OTRHO-K HAS BEEN PROVEN TO SLOW DOWN INCREASES IN MYOPIA BY MULTIPLE STUDIES
Check for myopia risk factors in your child.
What is Myopia?
Generally, a newborn’s eyeball is shorter than ideal, but its length increases with age. Under normal conditions, the length of the globe of the eye will increase to an ideal length by adulthood. With the eyeball at an ideal length, one will see well all the time, both near and also at a distance.
Unfortunately, many eyeballs simply do not grow to an ideal length by the time a child reaches adulthood. Myopia is a condition where the globe of the eye has become elongated from its ideal length. This causes light to focus at the front of the retina instead of on the retina. A person with myopia (nearsightedness) will not be able to see things clearly at a distance without wearing corrective lenses such as glasses or contact lenses.
The globe of the eye overgrows due to both genetics and environmental factors. In the U.S., the prevalence of myopia in adults has increased from 25% in 1979 to nearly 50% in 2016 (10). In China, the prevalence of myopia in the university student population is approximately 90%. The average degree of myopia among these students is over 4.00 D according to one study done in Shanghai (17).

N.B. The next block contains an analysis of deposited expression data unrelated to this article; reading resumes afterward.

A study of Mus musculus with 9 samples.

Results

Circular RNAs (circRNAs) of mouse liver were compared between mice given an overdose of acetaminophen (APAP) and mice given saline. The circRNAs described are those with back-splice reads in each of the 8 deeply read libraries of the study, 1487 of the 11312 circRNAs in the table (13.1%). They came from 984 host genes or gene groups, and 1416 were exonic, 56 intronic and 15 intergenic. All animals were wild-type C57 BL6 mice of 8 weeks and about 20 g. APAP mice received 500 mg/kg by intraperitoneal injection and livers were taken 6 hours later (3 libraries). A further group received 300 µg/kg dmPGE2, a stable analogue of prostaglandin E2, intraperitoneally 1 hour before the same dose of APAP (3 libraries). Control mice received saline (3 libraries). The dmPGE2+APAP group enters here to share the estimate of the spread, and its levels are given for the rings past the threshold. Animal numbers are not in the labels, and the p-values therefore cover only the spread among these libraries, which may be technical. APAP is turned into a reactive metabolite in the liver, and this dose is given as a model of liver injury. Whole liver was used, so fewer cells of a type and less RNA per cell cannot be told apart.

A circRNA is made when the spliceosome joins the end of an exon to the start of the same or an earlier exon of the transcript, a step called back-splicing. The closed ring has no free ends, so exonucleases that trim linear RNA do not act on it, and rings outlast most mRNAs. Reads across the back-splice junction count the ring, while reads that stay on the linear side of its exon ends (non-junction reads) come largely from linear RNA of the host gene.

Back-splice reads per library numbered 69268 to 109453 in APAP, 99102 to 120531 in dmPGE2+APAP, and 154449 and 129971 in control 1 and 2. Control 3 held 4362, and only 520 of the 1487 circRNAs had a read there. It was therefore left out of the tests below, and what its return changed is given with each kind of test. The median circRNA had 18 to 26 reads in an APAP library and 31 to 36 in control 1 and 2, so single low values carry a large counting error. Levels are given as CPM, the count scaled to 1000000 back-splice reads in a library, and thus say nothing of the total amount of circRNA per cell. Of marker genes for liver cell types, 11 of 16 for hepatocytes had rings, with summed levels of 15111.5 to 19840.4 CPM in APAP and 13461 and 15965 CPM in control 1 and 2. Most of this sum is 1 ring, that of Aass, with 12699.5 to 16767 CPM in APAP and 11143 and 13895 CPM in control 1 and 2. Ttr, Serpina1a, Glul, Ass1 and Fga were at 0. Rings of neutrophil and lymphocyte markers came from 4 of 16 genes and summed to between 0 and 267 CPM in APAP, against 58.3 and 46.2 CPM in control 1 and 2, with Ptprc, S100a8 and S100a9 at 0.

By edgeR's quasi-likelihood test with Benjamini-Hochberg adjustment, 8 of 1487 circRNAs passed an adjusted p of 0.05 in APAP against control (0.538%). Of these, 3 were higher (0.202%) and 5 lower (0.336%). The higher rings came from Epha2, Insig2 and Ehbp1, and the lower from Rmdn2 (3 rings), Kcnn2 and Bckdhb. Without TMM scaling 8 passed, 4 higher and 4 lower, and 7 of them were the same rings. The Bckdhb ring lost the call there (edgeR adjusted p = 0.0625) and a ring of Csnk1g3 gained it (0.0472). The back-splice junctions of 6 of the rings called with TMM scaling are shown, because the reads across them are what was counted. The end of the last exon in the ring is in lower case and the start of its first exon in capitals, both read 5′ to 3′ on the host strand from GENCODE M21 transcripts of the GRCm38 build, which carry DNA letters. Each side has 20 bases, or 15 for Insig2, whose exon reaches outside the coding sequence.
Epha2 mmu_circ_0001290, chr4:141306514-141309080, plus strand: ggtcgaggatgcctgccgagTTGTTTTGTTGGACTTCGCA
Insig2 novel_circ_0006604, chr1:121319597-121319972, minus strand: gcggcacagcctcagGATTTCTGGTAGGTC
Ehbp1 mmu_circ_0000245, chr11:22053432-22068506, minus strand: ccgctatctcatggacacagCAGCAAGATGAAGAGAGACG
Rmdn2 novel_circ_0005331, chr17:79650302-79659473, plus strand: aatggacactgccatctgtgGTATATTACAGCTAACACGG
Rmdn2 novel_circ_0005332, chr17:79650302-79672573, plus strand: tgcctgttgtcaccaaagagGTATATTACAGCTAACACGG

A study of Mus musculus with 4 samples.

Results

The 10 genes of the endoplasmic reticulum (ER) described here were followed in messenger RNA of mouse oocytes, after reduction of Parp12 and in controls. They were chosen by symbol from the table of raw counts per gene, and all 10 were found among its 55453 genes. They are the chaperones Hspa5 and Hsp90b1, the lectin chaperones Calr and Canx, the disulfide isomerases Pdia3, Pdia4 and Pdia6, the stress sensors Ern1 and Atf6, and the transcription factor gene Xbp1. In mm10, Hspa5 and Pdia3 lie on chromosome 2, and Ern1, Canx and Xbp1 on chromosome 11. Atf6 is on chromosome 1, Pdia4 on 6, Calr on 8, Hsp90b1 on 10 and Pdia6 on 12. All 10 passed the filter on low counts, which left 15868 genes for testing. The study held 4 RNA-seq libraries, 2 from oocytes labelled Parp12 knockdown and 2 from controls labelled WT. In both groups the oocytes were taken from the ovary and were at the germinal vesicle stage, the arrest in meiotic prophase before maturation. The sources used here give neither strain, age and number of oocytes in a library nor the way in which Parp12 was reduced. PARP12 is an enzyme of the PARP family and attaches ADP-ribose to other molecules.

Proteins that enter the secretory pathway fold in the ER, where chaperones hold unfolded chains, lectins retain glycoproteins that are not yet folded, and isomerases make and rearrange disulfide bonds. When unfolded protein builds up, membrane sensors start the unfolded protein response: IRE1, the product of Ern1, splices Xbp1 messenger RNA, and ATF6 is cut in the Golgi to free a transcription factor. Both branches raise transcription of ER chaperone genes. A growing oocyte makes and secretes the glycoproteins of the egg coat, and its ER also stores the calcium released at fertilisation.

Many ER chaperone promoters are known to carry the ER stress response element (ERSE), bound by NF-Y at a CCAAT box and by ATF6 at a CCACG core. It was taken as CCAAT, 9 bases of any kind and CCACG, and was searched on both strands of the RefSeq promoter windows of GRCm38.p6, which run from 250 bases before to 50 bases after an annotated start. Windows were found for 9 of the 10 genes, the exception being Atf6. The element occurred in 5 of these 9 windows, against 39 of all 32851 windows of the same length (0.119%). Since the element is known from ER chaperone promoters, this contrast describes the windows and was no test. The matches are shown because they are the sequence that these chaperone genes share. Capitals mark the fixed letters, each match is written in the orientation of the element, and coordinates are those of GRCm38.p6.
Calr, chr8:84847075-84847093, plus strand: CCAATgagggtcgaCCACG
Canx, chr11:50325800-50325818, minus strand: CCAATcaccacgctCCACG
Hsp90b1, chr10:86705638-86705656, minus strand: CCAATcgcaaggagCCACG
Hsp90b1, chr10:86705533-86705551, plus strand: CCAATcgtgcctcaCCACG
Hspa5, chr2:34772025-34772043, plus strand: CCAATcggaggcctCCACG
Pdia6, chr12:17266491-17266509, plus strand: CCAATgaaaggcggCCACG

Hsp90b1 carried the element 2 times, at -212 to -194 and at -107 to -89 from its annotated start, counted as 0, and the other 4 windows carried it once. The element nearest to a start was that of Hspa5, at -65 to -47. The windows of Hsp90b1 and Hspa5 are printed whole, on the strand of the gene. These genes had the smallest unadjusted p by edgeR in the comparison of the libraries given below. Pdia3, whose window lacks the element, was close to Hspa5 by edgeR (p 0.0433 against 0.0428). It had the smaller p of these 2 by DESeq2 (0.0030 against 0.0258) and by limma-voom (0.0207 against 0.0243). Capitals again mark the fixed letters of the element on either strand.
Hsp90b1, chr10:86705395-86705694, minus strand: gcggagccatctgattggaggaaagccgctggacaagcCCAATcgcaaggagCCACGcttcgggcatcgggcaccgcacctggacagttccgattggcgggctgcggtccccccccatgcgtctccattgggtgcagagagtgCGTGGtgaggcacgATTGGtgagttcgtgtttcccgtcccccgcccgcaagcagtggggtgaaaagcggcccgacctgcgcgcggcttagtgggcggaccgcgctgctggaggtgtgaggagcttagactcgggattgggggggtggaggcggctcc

These alarming statistics are even more frightening if you consider the health risks of having myopia. Myopia increases the chance of developing serious eye ailments such as retinal detachment, glaucoma, cataract and other sight-threatening diseases (8). although any degree of myopia is a risk factor for future vision loss, high myopia of more than 6.00 D is associated with a very high risk of these conditions. For example, persons with more than 6.00 D of myopia have a 14.4 times greater chance of developing glaucoma (2). Those with over 8.00 D of myopia have a 7.8 times greater risk of having a retinal detachment (8). Myopia is now the second highest leading cause of visual impairment in the world.